LINCOLN (CBS13) —You bring a recalled vehicle into the dealership expecting to take away the danger but we learned of at least nine fires after a Fiat Chrysler recall repair. Now after our digging, there’s a recall to the recall repair to re-fix 350-thousand vehicles.
The Hanson family brought their 2012 Jeep Grand Cherokee into the dealer for a recall repair expecting to take away the danger. Instead, the family is just one of at least nine that have had fires after the recall repairs.
In the front cabin of the Jeep, a burned out area over the passenger’s seat and soot in the car is what husband and father Eric Hanson saw when he arrived at the scene of the family’s car fire. “I was astonished,” he said. The aftermath of the fire that tore through the Hanson family’s Jeep Grand Cherokee was devastating.
Wife and mother, Stacie Hanson says she and her two kids were just sitting down to eat at Taco Bell, when her daughter yelled, “Mom your car has smoke coming out of the whole inside of it,” recalls Stacie.
Eric points out his family was sitting in the SUV just minutes earlier and recalls what first responders said to him, “The firemen were saying that you guys were super lucky,” he said.
The fire report says it “appeared to have started in the head liner/visor area above the passenger front seat.” This is the same area of their Jeep they had repaired as part of a recall at the start of the year.
Chrysler recalled 651-thousand Jeep Grand Cherokees and Dodge Durango’s model years 2011 thru 2014, over an issue with the sun visor vanity lamp wiring and an increased risk of fire.
“We thought it was fixed in January,” said Stacie.
However, a document sent to dealerships in March proves Chrysler knew two months after the Hanson’s had their Jeep fixed of a problem with how some recall repairs were done.
The company revised its repair instructions to dealerships saying, “It is critical that the sun visor wire remains under the clip when reinstalling the visor to prevent improper wire routing.”
However, at the time Chrysler never notified the customers who already had the repairs. That is what makes the Hanson’s even angrier, they brought their Jeep back into the dealership twice after those updated instructions went out from Chrysler in March. Once in April, when the visor light bulb went out and again in May, after smelling something burning.
“Smelling smoke ahhh.. maybe this needs to go on the priority list,” said Stacie.
The dealership told the Hanson’s they had to wait for parts.
“And we waited and our car burned,” said Eric.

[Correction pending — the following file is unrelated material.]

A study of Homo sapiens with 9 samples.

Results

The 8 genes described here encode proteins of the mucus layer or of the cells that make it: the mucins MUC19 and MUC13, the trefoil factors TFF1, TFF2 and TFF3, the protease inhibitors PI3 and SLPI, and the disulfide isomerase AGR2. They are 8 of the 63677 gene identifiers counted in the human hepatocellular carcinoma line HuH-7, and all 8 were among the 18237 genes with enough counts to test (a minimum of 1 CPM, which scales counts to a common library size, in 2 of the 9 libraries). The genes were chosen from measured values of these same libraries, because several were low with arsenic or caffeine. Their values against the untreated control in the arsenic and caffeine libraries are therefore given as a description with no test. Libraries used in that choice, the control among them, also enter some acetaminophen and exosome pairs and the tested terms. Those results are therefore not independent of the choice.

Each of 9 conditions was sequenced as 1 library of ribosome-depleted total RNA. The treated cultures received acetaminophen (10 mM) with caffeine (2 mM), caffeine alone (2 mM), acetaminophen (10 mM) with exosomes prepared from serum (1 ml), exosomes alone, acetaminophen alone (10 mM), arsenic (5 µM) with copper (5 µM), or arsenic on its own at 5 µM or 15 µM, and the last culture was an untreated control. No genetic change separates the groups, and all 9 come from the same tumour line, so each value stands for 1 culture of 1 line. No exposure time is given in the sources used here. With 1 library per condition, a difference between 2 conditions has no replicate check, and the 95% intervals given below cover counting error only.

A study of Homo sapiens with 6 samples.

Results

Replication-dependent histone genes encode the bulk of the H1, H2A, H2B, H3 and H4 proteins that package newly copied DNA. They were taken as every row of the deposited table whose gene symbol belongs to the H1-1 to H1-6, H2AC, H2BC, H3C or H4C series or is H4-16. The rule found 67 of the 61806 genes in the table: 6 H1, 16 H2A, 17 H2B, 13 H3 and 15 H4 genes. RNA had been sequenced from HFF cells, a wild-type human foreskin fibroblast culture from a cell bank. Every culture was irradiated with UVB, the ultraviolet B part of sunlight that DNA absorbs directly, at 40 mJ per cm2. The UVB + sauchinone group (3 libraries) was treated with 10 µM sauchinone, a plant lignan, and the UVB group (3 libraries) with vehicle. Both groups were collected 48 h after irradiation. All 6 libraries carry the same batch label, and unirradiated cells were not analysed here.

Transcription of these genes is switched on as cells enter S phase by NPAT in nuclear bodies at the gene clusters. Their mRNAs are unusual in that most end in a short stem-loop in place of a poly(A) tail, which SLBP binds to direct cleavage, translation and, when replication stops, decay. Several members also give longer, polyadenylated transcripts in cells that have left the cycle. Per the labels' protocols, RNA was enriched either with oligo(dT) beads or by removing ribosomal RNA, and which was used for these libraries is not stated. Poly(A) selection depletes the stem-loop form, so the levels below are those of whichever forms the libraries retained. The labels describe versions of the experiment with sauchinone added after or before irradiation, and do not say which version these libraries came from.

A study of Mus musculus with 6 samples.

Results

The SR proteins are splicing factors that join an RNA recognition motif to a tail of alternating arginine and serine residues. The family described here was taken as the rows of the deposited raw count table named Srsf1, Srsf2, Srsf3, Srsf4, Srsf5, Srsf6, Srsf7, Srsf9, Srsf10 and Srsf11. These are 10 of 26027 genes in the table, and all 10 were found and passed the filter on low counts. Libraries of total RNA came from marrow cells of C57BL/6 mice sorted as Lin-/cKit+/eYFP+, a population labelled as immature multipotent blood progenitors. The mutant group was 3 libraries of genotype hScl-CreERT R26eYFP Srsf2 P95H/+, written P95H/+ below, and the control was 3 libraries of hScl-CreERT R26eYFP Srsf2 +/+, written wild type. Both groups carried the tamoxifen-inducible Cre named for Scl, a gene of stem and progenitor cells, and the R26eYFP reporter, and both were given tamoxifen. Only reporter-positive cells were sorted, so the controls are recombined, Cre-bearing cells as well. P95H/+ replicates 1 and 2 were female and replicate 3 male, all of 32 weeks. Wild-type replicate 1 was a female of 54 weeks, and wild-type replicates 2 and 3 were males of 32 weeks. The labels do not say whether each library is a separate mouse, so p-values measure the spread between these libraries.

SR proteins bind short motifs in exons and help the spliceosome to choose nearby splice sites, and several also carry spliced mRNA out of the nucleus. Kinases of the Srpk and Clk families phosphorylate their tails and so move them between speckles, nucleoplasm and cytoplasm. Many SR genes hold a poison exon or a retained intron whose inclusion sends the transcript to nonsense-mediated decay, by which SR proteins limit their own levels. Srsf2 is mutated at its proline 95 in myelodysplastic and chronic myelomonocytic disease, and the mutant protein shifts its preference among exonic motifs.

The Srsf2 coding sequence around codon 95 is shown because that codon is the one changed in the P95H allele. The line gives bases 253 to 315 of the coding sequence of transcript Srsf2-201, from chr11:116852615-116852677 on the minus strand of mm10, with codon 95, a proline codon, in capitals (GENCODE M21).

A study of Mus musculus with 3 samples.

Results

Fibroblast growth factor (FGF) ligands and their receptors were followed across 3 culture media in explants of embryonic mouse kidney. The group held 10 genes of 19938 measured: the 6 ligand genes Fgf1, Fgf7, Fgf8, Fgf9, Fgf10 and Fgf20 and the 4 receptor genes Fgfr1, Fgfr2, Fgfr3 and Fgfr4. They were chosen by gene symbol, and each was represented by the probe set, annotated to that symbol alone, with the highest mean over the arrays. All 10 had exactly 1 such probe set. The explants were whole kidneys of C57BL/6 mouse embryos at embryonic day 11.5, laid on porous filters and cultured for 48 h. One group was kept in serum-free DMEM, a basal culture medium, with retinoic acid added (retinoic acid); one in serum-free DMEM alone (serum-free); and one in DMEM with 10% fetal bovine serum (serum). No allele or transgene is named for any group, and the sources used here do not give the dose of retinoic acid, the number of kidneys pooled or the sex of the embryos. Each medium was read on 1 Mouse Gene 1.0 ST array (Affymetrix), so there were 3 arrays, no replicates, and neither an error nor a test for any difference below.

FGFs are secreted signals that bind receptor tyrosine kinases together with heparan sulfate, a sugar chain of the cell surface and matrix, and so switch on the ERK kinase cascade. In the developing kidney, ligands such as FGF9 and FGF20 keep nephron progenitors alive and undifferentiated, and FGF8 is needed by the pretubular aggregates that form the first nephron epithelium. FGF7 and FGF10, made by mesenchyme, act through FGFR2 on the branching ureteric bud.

CBS13 has learned of at least nine fires occurred in vehicles after the recall fix.
Consumer advocate Rosemary Shahan of Consumers for Auto Reliability & Safety says if there is a known danger, automakers should not let these cars on the road.
“And it’s really reprehensible,” said Rosemary.
The federal government fined Fiat Chrysler a record 105-million dollars this summer for its handling of 23-recalls affecting 11-million cars, including this recall.
“Chrysler either needs to come up with a better fix, or buy these cars back,” said Rosemary.
After our initial investigation, two other families across the country contacted us saying they too had fires after recall repairs were done on their cars.
Now more than a month after we aired our story, Fiat Chrysler has issued a new recall related to the recall affecting 352,831 SUV’s saying its own, “investigation discovered the service procedure, if not followed precisely, may leave vehicles susceptible to a short-circuit, creating a potential fire hazard.”
After we got involved Fiat Chrysler, compensated the Hanson’s with a brand new Jeep Grand Cherokee.
“I feel a lot safer,” said twelve-year-old Josie Hanson.
Although the Hanson’s think the makers of their recalled jeep gambled with their lives.
“You don’t think your car is going to catch on fire,” said Stacie.
“This happened to a family, this happened to somebody, they need to know this,” said Eric.
Advisories from Chrysler show it knew of confusion surrounding the recall fix as early as November of last year, which is more than a month before the Hanson’s initially had their recall fixed. In addition, the dealership in this case tells us the fix was not crystal clear to the dealership community.
Fiat Chrysler says this newest recall only affects Cherokee’s and Durango’s produced before September of 2012. In addition, that overheating conditions were reported in fewer than .02% of cars.
The federal government is now investigating Chrysler’s handling of these recall repairs.
After our initial investigation, federal lawmakers reacted to our findings.
“Recall effectiveness has been a critical issue with defective GM ignition switches, exploding Takata airbags — and now this serious defect in some Fiat Chrysler vehicles,” said U.S. Sen. Bill Nelson (D-Fla.), the top Democrat on the Senate Commerce Committee. “Just ordering a recall is not enough; we have to ensure it is done quickly and correctly. As I’ve been saying for some time now, the automakers need to stop stalling and get the fixes done as soon as possible.”
“This is yet another example of why Congress must take action to address the serious gaps in our auto safety laws, which are putting lives at risk,” said Representative Lois Capps (D-CA). “Anytime a manufacturer, dealership, or rental company is aware of a safety recall or other safety issues with their vehicles, they have a responsibility to ensure these defects are fixed properly and promptly before the cars are put back onto the road.”